Radison's "Personal Touch" A Difference Maker

Dan Radison joined the Thunder coaching staff mid-year after Brad Elwood was reassigned to Battle Creek. Radison, who spent last year managing the Gulf Coast Yankees to a 26-31 record, was a welcome and helpful addition to the Thunder coaching staff. <b>(Free Preview of Premium Content)

Radison, a baseball lifer himself, joined a coaching staff that was full of other baseball lifers. Radison and Thunder hitting coach Steve Braun were almost inseparable most days around the batting cage. Both Braun and Radison say that they almost never disagree on anything, especially when it comes to baseball. According to Thunder outfielder Mitch Jones, the tandem of Braun and Radison was a very helpful combination, saying that the two coaches were very helpful with the swing adjustments he was trying to make this year.

Radison was exposed to baseball from the time he was very young. According to Radison, his dad created a softball field in their backyard when they lived along the Mississippi River. He was an all-around athlete in high school but decided to go to Southern Illinois after being offered "a full ride on a baseball scholarship." This was a major factor in the decision for the well-known high school basketball player because "my parents wouldn't have to pay for college."

His first college coaching job was at Broward Community College where he also taught GED at the county jail to make ends meet. He then moved on to the University of Georgia as a hitting instructor after acquiring his Masters degree at night. After his tenure at the University of Georgia, he became the Mets rookie league manager. After many teams and organizations, Radison completed his 21st season in baseball with the Thunder this year.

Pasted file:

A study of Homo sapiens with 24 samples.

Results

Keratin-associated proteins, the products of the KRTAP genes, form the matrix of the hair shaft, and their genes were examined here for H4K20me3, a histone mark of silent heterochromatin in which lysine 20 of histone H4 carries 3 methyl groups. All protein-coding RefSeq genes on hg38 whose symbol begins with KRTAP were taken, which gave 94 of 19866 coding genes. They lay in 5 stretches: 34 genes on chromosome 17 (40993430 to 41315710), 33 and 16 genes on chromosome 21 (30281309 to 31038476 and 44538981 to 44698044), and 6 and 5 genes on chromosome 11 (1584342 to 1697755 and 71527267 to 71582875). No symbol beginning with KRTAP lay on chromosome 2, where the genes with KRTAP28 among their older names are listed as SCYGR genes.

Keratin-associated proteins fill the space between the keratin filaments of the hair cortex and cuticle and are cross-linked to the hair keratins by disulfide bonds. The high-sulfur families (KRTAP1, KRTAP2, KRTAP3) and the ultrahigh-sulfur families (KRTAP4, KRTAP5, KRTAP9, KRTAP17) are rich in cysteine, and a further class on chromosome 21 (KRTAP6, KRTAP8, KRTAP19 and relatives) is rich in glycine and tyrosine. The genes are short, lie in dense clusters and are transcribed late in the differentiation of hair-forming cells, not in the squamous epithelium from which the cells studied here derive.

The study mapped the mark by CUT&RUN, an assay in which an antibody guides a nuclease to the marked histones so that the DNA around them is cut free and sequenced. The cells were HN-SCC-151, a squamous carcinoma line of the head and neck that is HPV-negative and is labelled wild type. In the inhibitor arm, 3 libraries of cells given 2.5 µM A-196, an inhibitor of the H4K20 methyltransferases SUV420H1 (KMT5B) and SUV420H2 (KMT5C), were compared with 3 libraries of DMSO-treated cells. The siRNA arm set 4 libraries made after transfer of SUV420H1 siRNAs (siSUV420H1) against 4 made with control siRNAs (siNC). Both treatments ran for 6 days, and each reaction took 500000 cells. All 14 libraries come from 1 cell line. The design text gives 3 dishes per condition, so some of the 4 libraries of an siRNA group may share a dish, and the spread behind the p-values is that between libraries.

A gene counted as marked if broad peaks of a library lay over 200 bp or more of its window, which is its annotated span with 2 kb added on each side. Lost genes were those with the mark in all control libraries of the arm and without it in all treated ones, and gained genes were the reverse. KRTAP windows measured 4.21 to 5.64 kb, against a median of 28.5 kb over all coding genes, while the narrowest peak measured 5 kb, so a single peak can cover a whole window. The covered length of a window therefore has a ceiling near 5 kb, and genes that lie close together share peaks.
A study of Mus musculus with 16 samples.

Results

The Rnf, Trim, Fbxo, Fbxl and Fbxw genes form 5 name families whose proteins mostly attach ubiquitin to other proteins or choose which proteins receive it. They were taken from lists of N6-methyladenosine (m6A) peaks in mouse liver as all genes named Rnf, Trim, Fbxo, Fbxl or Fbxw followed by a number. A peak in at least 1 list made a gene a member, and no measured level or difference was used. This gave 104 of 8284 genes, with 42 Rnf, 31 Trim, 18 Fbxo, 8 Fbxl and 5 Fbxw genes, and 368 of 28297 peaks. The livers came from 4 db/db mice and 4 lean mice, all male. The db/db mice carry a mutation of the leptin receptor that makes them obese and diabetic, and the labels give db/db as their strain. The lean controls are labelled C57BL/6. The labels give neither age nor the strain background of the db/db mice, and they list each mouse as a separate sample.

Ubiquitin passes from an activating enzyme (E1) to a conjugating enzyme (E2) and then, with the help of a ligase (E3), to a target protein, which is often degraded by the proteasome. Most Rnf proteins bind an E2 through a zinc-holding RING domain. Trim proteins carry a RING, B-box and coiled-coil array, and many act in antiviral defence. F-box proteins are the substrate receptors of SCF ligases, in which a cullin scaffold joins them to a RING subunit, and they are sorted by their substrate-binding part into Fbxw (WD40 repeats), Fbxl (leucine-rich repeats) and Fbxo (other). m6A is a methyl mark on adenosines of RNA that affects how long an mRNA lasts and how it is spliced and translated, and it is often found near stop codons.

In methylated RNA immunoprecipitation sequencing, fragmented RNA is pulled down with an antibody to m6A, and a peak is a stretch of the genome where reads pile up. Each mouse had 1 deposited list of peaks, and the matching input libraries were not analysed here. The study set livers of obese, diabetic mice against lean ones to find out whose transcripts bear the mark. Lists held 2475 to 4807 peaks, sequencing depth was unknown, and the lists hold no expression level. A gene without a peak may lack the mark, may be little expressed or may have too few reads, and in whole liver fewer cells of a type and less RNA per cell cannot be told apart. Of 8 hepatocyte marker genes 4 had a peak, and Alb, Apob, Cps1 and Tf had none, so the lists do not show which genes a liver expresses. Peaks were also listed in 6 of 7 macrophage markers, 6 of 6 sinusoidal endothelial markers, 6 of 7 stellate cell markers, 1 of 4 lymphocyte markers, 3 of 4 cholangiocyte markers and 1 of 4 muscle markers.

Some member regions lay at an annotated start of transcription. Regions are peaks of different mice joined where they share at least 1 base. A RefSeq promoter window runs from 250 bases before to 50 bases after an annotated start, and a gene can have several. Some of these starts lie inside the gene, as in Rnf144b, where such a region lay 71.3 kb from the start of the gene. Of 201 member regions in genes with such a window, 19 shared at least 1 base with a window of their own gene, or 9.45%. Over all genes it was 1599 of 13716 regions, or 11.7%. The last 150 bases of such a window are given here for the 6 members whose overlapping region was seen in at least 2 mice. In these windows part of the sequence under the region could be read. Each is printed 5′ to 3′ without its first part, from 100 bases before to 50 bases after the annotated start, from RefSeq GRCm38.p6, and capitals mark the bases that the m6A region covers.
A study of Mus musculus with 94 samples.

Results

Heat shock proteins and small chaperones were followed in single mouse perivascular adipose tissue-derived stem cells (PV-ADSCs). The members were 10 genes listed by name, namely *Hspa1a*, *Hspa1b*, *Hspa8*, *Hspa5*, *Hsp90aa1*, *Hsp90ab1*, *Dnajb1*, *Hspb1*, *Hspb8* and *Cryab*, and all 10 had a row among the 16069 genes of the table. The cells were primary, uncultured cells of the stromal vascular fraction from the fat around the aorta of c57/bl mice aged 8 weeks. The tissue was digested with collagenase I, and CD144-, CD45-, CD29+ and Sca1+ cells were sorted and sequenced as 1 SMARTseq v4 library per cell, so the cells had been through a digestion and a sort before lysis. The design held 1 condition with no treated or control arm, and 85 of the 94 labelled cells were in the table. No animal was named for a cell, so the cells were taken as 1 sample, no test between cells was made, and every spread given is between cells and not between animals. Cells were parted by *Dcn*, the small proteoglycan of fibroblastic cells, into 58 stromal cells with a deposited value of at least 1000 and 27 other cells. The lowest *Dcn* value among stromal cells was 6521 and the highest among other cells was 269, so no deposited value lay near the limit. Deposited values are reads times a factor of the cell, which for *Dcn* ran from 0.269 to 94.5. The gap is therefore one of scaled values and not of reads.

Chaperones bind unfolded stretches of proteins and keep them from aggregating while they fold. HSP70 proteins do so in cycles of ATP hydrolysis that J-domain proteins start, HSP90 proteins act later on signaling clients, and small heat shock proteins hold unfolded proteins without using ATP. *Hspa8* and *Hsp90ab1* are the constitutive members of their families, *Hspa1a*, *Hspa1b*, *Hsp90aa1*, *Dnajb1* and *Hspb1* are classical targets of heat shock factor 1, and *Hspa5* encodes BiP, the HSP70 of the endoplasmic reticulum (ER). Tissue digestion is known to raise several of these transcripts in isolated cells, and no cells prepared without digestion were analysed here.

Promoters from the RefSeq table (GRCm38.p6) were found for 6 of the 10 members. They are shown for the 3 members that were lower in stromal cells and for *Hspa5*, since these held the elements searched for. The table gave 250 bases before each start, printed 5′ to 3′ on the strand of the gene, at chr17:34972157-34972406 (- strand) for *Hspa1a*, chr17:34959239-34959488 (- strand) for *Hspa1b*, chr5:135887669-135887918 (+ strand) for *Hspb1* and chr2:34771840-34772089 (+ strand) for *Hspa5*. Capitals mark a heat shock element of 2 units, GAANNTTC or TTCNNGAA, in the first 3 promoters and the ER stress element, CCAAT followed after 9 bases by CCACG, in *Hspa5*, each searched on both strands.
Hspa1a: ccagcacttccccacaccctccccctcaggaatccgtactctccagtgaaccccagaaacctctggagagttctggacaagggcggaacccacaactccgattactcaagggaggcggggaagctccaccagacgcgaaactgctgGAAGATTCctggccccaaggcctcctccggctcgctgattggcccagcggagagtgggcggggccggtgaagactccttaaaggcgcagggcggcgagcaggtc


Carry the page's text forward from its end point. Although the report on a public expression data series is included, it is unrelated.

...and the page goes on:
"Anybody who's a teacher feels good when they see their student succeed. That's what it's all about," said Radison.

Radison also believes that over the course of his 21 years in the game, "it has become less about me and more about the players. It's been sort of a maturation process." Radison takes a sense of pride in seeing his players mature and improve and it seems as though he almost shares in their achievements and accomplishments.

Radison takes pride in his "day to day relationship with the players." He believes that this relationship is critical because of the nature of the game of baseball. "Baseball is a game where you have to be positive, happy, and upbeat. The game demands that." This attitude leads to the many relationships that Radison has cultivated in the game.

"I have survived on the relationships I have made in the game because it's a lonely life and to have a family wouldn't be fair." Jim Riggleman is described by Radison as his best friend in the game. The two met went they were in the minor leagues and Riggleman took Radison to the Major Leagues with him in the 1990‘s. The two became best friends and are still best friends to this day.

"There have been a lot of things that have brought me closer to God. I've learned how to be committed to God."

One of the biggest changes in Radison's life came in the vein of his spirituality. This closeness to God that he has acquired has let him become more patient with his players. It also has taught him how to learn how to trust God. This could also have helped him in his many relationships in the game.

Radison has seen a lot of baseball in his 21 years in the game and has learned what it takes to get players to the Major Leagues and even to the next level. He takes a great pride in helping his players advance and tries everyday to pass on a little more of his extensive baseball knowledge to the players who can use it to help them advance in their dreams.